Wednesday, February 24, 2010

Increasing frustration with managing Ruby on RHEL/CentOS

I am getting INCREASINGLY frustrated having to manage installations of Ruby on RHEL and its derivatives. It's to the point where I'm ready to shoot myself.

A bit of background:
RHEL5 and its offspring (referred from here on out as RHEL5) ship with a really dated version of Ruby (1.8.5). Yes there are various patches are backported but in the end, it's old. NOTHING works with it. No modern Gems work with it (for all intents and purposes). God forbid you try to run a modern Rails-based application on it.

The MAIN reason is one that plagues not only Ruby but Perl, PHP and Python on the same platform:

language-specific packaging repositories

With Perl, you have CPAN. With PHP, you have PECL/PEAR. With Python you have Eggs. All of these are somewhat antithetical to the OS package management system. Taking it even further, it's the same problem with Debian offshoots as well.

This isn't a problem for most end-users. They have the luxury of installing stuff wily-nilly. If it breaks, you just reinstall. However for those of tasked with maintaining systems in production environments, this is simply unacceptable. There is a requirement to keep systems in a consistent state. Software must be tested and work its way through the system before it gets to production.

OS updates are the same way. You don't simply have a cronjob that does a 'apt-get upgrade' or 'yum -y update'. Any smart company manages those packages using an internal repository. Packages aren't graduated to the production repository until they've been tested and verified not to break the system. A system MUST be maintainable. At one company, we actually managed our OWN application code via RPM. We had 3 repositories (dev, qa, production) and each class of server pointed to those repositories. As we built new RPMs, they were copied into each repository as needed for testing.

Now many people are probably thinking how convoluted that sounds but personally, I have no desire to have the financial future of my company at the hands of one broken upstream package. How would you feel if your banking site went offline because of the same issue? One broken upgrade can put someone out of a job.

So what happens if you say "screw it" and just use CPAN or rubygems or PECL outside of the system package management? Now what happens when you upgrade from something like PHP 5.2 to PHP 5.3? Now you have to rebuild any native extensions you have installed. Oh but look, the ImageMagick native extension requires that's compatible with version X of your interpreter also requires a new version of ImageMagick. But that version happens to be a major release instead of a point release. Let's hope nothing critical to the system requires a specific version of ImageMagick.

The specifics of the previous are somwhat hypothetical but everyone has run into the situation.

It's a difficult beast to tame. The closest I've come to having this process be somewhat simply is CPAN2RPM. However nothing that clean exists for Ruby. The best you can hope for is something like RVM (which in and of itself is pretty brilliant).

I still don't know the best way to manage Ruby on CentOS right now. There are countless repositories out there that are trying to do the same thing.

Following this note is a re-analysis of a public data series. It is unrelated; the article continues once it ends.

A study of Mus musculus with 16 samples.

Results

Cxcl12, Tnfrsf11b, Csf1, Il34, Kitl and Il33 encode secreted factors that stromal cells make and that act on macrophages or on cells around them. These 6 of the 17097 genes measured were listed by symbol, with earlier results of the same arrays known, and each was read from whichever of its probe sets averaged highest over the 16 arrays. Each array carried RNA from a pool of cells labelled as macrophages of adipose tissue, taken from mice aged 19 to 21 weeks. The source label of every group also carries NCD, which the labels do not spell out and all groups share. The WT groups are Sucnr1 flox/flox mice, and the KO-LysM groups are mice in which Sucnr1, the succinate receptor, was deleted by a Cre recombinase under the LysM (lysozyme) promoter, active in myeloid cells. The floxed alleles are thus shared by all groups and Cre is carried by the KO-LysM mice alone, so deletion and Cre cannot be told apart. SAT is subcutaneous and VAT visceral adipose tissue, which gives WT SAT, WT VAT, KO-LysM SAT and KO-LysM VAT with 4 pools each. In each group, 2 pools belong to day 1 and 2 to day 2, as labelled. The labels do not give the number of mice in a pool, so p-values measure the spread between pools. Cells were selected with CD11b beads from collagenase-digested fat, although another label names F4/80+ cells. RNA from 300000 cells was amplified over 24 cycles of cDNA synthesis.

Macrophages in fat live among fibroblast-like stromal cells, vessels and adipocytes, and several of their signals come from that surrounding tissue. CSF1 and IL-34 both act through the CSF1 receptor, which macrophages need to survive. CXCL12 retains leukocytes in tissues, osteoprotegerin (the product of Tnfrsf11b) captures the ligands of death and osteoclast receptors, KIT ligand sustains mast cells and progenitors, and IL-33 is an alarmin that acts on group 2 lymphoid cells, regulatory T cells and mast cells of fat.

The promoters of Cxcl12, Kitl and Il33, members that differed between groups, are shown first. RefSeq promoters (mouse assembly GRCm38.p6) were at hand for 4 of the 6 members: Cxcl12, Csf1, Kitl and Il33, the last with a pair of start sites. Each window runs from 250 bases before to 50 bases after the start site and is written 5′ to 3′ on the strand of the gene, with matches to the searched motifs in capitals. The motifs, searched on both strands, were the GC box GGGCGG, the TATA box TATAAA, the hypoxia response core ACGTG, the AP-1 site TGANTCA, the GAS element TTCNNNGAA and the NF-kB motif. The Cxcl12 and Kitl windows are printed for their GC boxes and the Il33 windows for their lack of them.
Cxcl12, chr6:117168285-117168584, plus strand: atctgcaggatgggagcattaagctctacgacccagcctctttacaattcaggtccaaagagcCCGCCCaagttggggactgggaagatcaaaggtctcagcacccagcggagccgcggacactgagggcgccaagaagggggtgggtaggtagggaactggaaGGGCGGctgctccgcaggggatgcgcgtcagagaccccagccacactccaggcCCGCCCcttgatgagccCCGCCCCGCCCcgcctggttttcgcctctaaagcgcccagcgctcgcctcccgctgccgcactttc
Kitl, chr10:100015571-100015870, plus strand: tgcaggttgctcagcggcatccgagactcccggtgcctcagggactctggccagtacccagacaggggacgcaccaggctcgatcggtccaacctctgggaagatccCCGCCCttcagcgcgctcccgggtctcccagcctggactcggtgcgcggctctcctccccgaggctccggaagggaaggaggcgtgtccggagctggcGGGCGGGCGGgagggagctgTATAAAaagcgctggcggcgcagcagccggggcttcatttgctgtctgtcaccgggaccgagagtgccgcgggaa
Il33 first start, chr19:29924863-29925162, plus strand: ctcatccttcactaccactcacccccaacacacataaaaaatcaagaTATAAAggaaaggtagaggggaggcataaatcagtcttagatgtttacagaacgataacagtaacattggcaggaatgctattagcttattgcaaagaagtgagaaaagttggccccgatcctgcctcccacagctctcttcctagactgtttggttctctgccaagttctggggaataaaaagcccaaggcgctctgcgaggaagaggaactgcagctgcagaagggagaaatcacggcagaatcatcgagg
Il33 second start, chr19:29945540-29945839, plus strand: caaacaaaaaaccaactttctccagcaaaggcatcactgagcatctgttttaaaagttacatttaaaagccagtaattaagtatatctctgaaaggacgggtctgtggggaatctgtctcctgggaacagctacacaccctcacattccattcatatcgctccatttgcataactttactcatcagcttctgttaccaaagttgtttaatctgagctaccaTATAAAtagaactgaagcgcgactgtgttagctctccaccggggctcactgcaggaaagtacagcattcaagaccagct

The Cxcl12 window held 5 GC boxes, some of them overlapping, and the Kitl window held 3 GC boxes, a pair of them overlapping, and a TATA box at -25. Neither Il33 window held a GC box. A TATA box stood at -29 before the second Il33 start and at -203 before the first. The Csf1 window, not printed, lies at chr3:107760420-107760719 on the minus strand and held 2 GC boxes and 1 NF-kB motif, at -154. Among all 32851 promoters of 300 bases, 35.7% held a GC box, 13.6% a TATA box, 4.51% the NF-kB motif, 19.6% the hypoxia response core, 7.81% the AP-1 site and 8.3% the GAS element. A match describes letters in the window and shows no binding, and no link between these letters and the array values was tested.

One thing we did at RBX which I've been doing currently is the concept of a "current" symlink. It's a bit convoluted but it works out for now and is pretty much the way that RVM works. Having this wrapped in a wrapper RPM keeps it managed via native package management but it's far from ideal.

Friday, February 12, 2010

Time to retire the beast

So my primary server at home for the LAN is an aging dual P3 with 1GB of memory (it won't even support any beyond that).

Currently it has the following disk layout:

184G 87G 88G 50% /data01
880G 834G 1.5G 100% /data00

My mythtv backend (a somewhat freshly built X2 Dual Core Processor 4400+) has this disk layout:

978G 380G 599G 39% /myth

I finally got the new drives I ordered from Amazon back in November - 3x1TB Hitachi Deskstars.

Now the mythbackend looks like this:
978G 380G 599G 39% /myth
/dev/sdc1 932G 4.2M 932G 1% /myth2

The 880GB on lansrv is actually an external SATA array connected via Multilane to the server (4x500GB in a RAID10). I've been wanting to retire that box for some time as it draws WAY too much power for the service it provides. The mythbackend is becoming the hub for storing our archived records, pictures and music on the network.

However I didn't really have an easy place to dump that data on lansrv temporarily. Now I do. Here's the tentative plan:

1- Migrate all the lansrv data over to new drive on mythbackend.
2- Pull two of the 500GB drives out of the external array and put in the new 1TB drives.
3 - Mirror the new 1TB drives
4 - Rebuild the remaining 500GB drives as a mirrored pair.
5 - Stripe the two mirrors together
6 - Figure out what to do with the spare 1TB and 2 500GB drives.

Most likely the 1TB drive remaining will end up as a hot-spare for the 1TB mirror. Hitachi's aren't called Deathstars for nothing. The other two 500GB drives will probably go somewhere internal to the mythbackend box and become a mirrored pair as well and added to the new LV.

If I can manage to fit an eSATA card with 2 ports in the machine, I might consider moving all 4 500GB drives into a new array and adding it to the volume group.

Who knows? I'll figure something out but for now I had to have somewhere to dump the data temporarily while I shifted hardware and data around.

As an interesting side note, the 4 500GB drives have been running in the multilane enclosure since I worked at CLA. That's at least 5 years. I don't even remember what KIND of drive they were but I'm damn sure going to make note of it when I pull them.